The suspect accused of fatally shooting Sacramento police officer Tara O’Sullivan sought treatment at an area hospital on Sunday after “slamming his head” against a bed frame in his jail cell.
Deputies witnessed Adel Sambrano Ramos — who has been under 24-hour observation at Sacramento County’s downtown jail and has not had any other inmate contact — hitting his head, then removed him from the cell and restrained him. His injuries, however, prompted deputies to send him to a local hospital.
Ramos has since returned to downtown’s jail, where he is now on the “psych floor,” according to sheriff’s spokesperson Tess Deterding.
The 45-year-old was booked last Wednesday morning after police say he ambushed O’Sullivan and a fellow officer, then fired at more officers with an illegal AR-15 style assault-rifle during an hours-long standoff.
Police took O’Sullivan to the UC Davis Medical Center, where she was pronounced dead early Thursday morning. A memorial service is scheduled later this week.
Ramos is set for arraignment Monday afternoon. The Sacramento County District Attorney's Office says he is expected to appear despite the hospitalization.
We expect him to be in court for the scheduled arraignment.— Sacramento County DA (@SacCountyDA) June 24, 2019
Sacramento Police Chief Daniel Hahn joined Insight to discuss Ramos' situation and the status of the investigation into O'Sullivan's death.
More information is coming out about the circumstances surrounding O'Sullivan's death. After she was shot, she was left in the backyard for about 45 minutes before officers could reach her.
Hahn said the suspected shooter had officers pinned down with little protection. Once an armored vehicle was brought in, officers were able to retrieve O'Sullivan, but then got stuck trying to get out.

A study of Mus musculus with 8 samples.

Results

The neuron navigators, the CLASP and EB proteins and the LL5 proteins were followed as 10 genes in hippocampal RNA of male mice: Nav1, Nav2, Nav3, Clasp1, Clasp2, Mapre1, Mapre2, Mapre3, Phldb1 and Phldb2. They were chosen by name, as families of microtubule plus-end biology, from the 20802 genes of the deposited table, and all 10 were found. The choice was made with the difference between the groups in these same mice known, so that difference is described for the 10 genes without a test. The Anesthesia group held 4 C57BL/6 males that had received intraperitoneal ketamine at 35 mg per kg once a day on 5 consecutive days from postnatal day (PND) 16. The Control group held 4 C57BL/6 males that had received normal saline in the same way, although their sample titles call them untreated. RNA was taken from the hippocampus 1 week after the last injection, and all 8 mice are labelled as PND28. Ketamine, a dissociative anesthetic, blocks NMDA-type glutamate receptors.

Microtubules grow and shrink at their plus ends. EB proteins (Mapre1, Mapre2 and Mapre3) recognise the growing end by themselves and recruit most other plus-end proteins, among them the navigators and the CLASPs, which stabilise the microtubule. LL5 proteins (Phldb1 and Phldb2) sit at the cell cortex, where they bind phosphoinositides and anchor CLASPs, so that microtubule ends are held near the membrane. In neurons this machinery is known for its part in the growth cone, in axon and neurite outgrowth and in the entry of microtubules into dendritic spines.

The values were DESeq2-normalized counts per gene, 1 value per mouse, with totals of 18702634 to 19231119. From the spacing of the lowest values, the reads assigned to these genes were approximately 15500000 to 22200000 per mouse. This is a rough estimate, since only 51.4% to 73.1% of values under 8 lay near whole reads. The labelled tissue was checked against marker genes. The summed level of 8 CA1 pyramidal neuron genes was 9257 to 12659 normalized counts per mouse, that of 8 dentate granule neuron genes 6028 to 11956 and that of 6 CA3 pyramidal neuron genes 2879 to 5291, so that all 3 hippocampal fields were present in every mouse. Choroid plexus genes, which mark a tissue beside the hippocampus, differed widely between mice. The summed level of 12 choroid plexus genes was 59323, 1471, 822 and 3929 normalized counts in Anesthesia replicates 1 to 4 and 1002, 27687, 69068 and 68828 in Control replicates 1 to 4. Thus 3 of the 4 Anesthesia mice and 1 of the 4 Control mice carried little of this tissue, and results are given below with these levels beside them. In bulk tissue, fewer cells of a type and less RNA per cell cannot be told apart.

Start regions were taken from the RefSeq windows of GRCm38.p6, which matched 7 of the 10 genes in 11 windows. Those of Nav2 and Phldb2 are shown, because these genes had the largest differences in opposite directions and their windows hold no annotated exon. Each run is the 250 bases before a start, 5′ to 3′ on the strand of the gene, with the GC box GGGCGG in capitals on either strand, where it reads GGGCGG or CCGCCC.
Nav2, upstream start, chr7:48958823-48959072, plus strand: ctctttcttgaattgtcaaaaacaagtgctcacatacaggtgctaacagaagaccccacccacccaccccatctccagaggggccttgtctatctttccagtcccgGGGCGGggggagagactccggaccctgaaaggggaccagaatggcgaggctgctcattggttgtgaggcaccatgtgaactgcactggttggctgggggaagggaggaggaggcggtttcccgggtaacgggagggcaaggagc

"It was a horrific scene and under the most trying of circumstances," Hahn said. "I've been doing this for 32 years and been involved in many incidents and I've never seen one like this."
The standoff lasted seven and a half hours. Hahn addressed the decision not to use teargas.
"That's always an option that incident commanders have," Hahn said. "But, you have to ask yourself if somebody's shooting at you with a high-powered rifle and you have to consider the consequences of any action such as shooting teargas in there, what would come next? So, those are all decisions people have to make at that moment."
Hahn says it has been tough on officers who were involved in the incident and that the O'Sullivan family has been very supportive of the department during this time.
Hahn also said the O'Sullivan family has been very supportive.
"As you might imagine, if any of us had this happen in our families, how we would feel," Hahn said. "But, they're an amazingly strong family. They're actually concerned about us when they lost their daughter and their sister. So, it's tough."
Crime scene investigators continue to process hundreds of pieces of evidence at the home where O'Sullivan was shot and killed last week. Hahn says they may be there through the week.